Panel 1: Flying and Focusing on the Everyday
The Inner Lives of Climate Scientists
Peter Kalmus, NASA’s Jet Propulsion Laboratory (speaking on his own behalf)
Climate scientists routinely attend talks about the rapidly dying biosphere after which we ask a few polite questions and then shuffle back to our offices. We also routinely have some of the largest carbon footprints of any humans on Earth due to frequent flights to conferences and meetings. This talk discusses these bizarre tribal practices and inner lives of climate scientists, employing a combination of anecdote and survey (more).
A Strategy for Flying Less in Academic Communities
Parke Wilde, Tufts University
This presentation will (a) briefly review the climate impact of flying, (b) explain the strategic focus on university and research communities, (c) review the wonderful diversity of methods available for universities and professional associations to reduce flying without greatly impairing academic research productivity or quality of life, and (d) summarize responses to common questions or objections that arise in conversations with academics about this issue (more).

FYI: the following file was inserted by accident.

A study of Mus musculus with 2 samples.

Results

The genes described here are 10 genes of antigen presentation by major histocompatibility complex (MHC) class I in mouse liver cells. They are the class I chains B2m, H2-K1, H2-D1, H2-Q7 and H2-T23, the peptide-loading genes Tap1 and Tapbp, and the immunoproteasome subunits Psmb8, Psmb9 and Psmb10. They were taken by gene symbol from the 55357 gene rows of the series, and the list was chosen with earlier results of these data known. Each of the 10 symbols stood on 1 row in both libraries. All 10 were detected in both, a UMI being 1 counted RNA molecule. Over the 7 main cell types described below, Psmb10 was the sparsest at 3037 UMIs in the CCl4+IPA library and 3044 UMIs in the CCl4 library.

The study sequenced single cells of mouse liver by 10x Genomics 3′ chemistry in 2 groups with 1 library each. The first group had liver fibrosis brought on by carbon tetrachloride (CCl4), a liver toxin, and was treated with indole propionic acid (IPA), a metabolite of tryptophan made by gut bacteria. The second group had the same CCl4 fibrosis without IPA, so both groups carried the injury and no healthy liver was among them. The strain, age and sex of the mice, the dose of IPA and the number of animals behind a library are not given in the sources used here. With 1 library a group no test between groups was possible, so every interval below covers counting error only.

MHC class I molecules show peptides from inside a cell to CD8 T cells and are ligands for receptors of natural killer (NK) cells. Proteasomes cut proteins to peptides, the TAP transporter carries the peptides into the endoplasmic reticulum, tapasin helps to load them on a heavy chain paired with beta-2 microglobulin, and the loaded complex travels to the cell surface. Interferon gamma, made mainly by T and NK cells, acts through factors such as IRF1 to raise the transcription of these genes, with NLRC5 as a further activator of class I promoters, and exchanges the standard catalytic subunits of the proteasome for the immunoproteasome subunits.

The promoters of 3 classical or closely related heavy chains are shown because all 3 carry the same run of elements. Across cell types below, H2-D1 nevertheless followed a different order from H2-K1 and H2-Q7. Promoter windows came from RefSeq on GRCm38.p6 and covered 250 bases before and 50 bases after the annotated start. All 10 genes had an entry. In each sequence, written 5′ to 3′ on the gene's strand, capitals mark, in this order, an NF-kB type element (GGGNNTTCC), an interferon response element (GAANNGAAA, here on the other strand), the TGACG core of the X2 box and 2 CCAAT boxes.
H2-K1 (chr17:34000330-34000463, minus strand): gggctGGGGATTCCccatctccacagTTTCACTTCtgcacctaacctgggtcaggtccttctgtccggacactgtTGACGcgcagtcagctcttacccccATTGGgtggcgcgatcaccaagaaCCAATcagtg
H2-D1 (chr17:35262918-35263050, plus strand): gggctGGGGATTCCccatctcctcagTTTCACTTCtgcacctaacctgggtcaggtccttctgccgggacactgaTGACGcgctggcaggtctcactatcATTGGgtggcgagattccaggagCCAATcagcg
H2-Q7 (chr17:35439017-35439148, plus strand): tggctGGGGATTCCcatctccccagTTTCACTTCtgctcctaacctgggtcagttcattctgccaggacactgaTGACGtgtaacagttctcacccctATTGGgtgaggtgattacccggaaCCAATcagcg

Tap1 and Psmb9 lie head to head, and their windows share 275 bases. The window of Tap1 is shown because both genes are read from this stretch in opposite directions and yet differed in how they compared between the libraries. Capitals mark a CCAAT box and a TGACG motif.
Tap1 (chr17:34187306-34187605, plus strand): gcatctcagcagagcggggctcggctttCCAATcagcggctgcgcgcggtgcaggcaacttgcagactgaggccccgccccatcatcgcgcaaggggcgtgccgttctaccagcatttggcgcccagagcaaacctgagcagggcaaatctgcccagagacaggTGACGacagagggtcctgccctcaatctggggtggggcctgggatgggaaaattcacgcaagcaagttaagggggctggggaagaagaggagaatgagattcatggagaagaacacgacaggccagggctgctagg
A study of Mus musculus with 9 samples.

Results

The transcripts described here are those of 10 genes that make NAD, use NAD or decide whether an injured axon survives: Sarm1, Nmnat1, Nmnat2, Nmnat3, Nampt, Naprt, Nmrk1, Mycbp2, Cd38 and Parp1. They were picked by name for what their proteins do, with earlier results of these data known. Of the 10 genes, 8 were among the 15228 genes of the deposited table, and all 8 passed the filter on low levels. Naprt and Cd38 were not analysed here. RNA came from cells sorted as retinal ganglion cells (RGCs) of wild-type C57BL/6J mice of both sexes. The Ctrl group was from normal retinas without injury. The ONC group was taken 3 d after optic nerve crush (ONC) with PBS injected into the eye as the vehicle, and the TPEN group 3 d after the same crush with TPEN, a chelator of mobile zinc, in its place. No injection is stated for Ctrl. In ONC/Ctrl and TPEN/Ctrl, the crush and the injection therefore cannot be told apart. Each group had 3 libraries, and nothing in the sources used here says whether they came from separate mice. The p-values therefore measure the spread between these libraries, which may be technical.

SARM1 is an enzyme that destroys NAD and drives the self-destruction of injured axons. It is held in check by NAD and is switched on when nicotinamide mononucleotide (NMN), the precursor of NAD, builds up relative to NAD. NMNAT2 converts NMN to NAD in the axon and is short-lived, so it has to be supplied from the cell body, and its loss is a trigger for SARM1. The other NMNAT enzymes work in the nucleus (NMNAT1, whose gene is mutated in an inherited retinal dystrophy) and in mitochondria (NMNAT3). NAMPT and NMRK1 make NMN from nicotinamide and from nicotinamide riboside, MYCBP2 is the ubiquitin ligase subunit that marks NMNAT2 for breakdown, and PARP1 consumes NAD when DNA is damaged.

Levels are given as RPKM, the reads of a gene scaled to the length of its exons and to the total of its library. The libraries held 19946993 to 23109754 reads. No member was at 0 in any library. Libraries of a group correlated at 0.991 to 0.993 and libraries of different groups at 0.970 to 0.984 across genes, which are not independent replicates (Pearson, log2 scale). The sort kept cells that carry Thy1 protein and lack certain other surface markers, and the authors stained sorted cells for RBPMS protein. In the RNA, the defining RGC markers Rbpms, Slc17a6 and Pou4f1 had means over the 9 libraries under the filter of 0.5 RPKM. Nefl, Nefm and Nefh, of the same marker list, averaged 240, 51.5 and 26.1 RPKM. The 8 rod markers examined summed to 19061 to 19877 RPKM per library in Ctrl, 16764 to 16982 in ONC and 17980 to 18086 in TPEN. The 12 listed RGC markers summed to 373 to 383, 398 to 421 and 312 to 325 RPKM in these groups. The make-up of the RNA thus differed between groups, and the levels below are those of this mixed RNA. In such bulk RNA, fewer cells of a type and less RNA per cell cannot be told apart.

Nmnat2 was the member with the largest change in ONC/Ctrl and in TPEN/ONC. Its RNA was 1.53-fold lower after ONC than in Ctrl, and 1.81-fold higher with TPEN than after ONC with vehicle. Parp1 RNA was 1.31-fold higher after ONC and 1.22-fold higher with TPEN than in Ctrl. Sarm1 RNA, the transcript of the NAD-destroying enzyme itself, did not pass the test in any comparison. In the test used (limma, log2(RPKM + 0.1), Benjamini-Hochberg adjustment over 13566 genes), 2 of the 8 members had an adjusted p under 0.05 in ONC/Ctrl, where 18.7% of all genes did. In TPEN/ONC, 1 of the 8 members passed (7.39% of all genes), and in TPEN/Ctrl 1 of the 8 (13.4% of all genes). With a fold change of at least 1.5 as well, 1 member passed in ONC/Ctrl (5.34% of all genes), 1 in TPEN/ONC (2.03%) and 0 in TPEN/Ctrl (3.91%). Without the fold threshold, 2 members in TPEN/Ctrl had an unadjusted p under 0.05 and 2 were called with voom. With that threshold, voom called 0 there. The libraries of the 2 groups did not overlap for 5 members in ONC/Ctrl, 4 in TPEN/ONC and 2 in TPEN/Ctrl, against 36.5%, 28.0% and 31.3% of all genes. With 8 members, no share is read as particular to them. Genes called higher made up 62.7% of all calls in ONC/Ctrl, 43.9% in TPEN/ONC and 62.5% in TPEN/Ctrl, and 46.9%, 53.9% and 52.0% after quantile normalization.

The Nature of the “Less than Meaningless” and “Self-righteous, Self-referential, Ascetic Bullshit” in the Anthropocene
Joseph Nevins, Vassar College
This paper interrogates four major ideas: 1) the implicit assumption that nature only unfolds on one scale—that of the biosphere; 2) an understanding of nature as singular, rather than plural; 3) a perception of the individual and collective as distinct; and 4) a failure to appreciate that “nature” is produced in such way that it is inextricably tied to power and inequality (more).